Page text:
SAIT has decided against in-class education and opted for online program delivery for the fall 2020 semester.

Vice President of Academics, Dr. Brad Donaldson, published a school-wide email Wednesday in regards to what students could expect for the upcoming school year.

“Working with the Government of Alberta and Alberta Health Services, we have made the decision to deliver the majority of Fall 2020 programming online,” he wrote.

Students aren’t happy to make the digital shift

Michaela Pitman, a South African international student at SAIT for a communications diploma, said she isn’t happy with the quality education in the switch to online delivery.

“This isn’t what I paid for, it’s not what I anticipated and it’s not what I signed up for,” she said.

“I signed up for college and to be in class. I mean, if I wanted, I could have just stayed back home in South Africa and done online courses from home. It would have been cheaper.”

As an international transfer student with a two-year diploma, Pitman pays up to $20,000 per year in tuition. She said the quality of online education doesn’t match her higher tuition payments.

“I have an instructor whose face I’ve literally never seen,” she said.

“He is an introvert, I have no idea what he looks like I just know his voice, it’s really impersonal.”

Pitman is looking forward to her next year of school. She’s hoping that in the spring 2021 semester, she can once again return to the classroom.

“I can’t wait to go back,” she said.

“I start my third semester in January next year so I’m hoping by then, I will be able to go back to class.”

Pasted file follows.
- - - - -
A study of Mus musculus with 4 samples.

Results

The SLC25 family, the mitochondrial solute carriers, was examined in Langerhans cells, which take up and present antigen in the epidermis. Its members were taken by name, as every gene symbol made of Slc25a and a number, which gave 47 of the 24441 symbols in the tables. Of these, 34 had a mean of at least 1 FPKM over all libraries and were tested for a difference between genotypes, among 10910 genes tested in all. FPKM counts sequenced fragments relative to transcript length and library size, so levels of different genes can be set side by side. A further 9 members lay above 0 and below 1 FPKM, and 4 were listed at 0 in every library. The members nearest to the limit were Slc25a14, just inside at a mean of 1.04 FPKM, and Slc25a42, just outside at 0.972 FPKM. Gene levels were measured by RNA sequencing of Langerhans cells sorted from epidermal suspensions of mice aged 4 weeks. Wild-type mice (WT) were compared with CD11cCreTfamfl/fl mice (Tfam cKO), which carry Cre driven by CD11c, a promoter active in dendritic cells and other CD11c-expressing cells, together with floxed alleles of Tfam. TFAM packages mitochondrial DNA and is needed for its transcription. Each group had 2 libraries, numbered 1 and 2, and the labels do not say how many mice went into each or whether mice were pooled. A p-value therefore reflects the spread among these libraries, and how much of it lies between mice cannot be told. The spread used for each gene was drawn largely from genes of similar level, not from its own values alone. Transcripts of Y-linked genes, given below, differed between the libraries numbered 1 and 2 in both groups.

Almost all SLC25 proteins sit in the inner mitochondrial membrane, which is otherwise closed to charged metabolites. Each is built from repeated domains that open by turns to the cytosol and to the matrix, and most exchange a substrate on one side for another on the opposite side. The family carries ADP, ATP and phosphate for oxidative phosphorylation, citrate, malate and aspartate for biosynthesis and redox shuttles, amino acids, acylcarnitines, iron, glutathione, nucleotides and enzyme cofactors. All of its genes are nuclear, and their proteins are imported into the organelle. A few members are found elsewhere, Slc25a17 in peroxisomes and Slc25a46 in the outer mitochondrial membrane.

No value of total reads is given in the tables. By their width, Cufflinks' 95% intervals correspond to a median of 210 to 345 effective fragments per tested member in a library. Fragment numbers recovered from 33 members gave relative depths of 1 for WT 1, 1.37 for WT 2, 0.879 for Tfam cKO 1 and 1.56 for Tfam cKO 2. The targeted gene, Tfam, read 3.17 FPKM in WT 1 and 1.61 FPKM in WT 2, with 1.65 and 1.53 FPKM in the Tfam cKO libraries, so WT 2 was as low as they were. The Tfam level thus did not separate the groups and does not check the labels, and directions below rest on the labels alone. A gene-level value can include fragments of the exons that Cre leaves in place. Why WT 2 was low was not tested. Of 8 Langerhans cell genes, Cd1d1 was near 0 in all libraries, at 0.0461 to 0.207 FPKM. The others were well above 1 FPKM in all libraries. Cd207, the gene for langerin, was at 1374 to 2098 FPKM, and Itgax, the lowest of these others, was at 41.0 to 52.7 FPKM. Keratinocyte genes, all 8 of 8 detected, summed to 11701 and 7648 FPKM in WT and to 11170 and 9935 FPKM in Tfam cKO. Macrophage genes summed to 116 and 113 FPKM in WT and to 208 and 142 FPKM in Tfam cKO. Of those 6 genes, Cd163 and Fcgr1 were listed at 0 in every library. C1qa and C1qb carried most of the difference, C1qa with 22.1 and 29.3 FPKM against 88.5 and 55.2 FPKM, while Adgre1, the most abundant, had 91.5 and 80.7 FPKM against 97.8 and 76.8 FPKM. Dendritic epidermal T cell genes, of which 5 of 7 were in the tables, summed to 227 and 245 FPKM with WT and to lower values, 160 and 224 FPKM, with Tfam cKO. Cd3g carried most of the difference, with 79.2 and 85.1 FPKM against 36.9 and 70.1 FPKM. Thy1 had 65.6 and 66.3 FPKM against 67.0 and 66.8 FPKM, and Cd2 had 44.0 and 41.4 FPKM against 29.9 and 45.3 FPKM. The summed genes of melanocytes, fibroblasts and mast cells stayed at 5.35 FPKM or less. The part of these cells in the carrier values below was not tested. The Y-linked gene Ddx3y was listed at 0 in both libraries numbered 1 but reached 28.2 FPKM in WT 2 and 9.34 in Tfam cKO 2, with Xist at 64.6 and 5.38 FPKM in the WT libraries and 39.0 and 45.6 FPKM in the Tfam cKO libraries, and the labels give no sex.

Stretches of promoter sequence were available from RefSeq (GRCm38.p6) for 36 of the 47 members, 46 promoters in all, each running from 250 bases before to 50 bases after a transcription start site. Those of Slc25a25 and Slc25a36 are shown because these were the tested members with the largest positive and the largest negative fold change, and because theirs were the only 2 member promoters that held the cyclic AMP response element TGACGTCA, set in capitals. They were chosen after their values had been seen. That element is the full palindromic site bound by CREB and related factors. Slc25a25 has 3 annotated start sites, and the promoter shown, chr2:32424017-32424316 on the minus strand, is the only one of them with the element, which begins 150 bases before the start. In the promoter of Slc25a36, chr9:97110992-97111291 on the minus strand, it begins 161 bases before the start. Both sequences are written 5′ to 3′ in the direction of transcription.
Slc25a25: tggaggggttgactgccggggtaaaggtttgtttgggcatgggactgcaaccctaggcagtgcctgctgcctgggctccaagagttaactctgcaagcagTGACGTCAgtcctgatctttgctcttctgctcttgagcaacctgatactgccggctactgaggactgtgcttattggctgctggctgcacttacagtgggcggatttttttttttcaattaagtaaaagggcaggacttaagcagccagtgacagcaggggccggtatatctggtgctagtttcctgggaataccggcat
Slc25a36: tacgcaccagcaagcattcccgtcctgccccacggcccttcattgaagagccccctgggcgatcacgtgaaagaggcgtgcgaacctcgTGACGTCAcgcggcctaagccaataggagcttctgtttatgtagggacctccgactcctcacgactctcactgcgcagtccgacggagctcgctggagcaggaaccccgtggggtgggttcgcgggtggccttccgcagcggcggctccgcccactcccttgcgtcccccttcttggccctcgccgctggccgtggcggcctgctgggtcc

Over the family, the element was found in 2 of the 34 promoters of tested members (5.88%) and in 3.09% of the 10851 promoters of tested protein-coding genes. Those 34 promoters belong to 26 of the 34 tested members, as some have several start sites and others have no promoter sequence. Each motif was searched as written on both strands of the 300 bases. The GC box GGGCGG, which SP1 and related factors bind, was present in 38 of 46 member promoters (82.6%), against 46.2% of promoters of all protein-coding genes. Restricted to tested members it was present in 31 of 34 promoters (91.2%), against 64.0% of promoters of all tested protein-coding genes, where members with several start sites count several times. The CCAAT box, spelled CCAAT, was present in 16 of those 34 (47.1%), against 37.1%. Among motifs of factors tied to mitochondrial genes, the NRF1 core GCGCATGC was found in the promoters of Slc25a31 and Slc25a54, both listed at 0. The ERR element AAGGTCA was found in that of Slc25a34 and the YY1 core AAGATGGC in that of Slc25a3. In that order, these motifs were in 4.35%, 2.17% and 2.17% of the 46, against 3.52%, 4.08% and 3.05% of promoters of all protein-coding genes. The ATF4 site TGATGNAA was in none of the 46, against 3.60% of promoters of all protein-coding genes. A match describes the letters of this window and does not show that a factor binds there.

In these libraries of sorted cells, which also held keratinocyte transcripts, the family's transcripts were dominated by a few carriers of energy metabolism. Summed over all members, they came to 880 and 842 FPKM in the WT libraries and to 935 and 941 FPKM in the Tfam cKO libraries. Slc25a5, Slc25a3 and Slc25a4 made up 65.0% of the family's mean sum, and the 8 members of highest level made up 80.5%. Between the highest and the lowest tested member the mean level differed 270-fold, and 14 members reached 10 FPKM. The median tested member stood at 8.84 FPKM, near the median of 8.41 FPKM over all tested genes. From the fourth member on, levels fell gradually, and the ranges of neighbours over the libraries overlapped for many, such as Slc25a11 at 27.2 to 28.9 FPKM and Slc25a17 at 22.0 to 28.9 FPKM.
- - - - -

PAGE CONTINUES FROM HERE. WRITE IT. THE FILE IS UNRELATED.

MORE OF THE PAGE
Uncertain future of AIT programs for students with new online delivery

Unlike other institutions, SAIT faces different issues within their curriculum. The polytechnic provides industry training and apprenticeships (AIT) to students. These “hand-on” programs struggle to adhere to the province’s health restrictions.

In Donaldson’s school-wide email, he said the next steps for students in industry training and apprenticeship programs are still uncertain.

“We continue to work closely with Apprenticeship and Industry Training (AIT) to determine how to continue this very hands-on training,” he wrote.

“This will involve a combination of online and in-person training. Apprentices will hear more from AIT and SAIT as details become available.”

SAIT said they don’t have know how those programs will be delivered.

“We are still in the process of working with AIT to determine program delivery,” a statement from the school read.

“We anticipate a combination of online and classroom, but specifics are still being looked at.”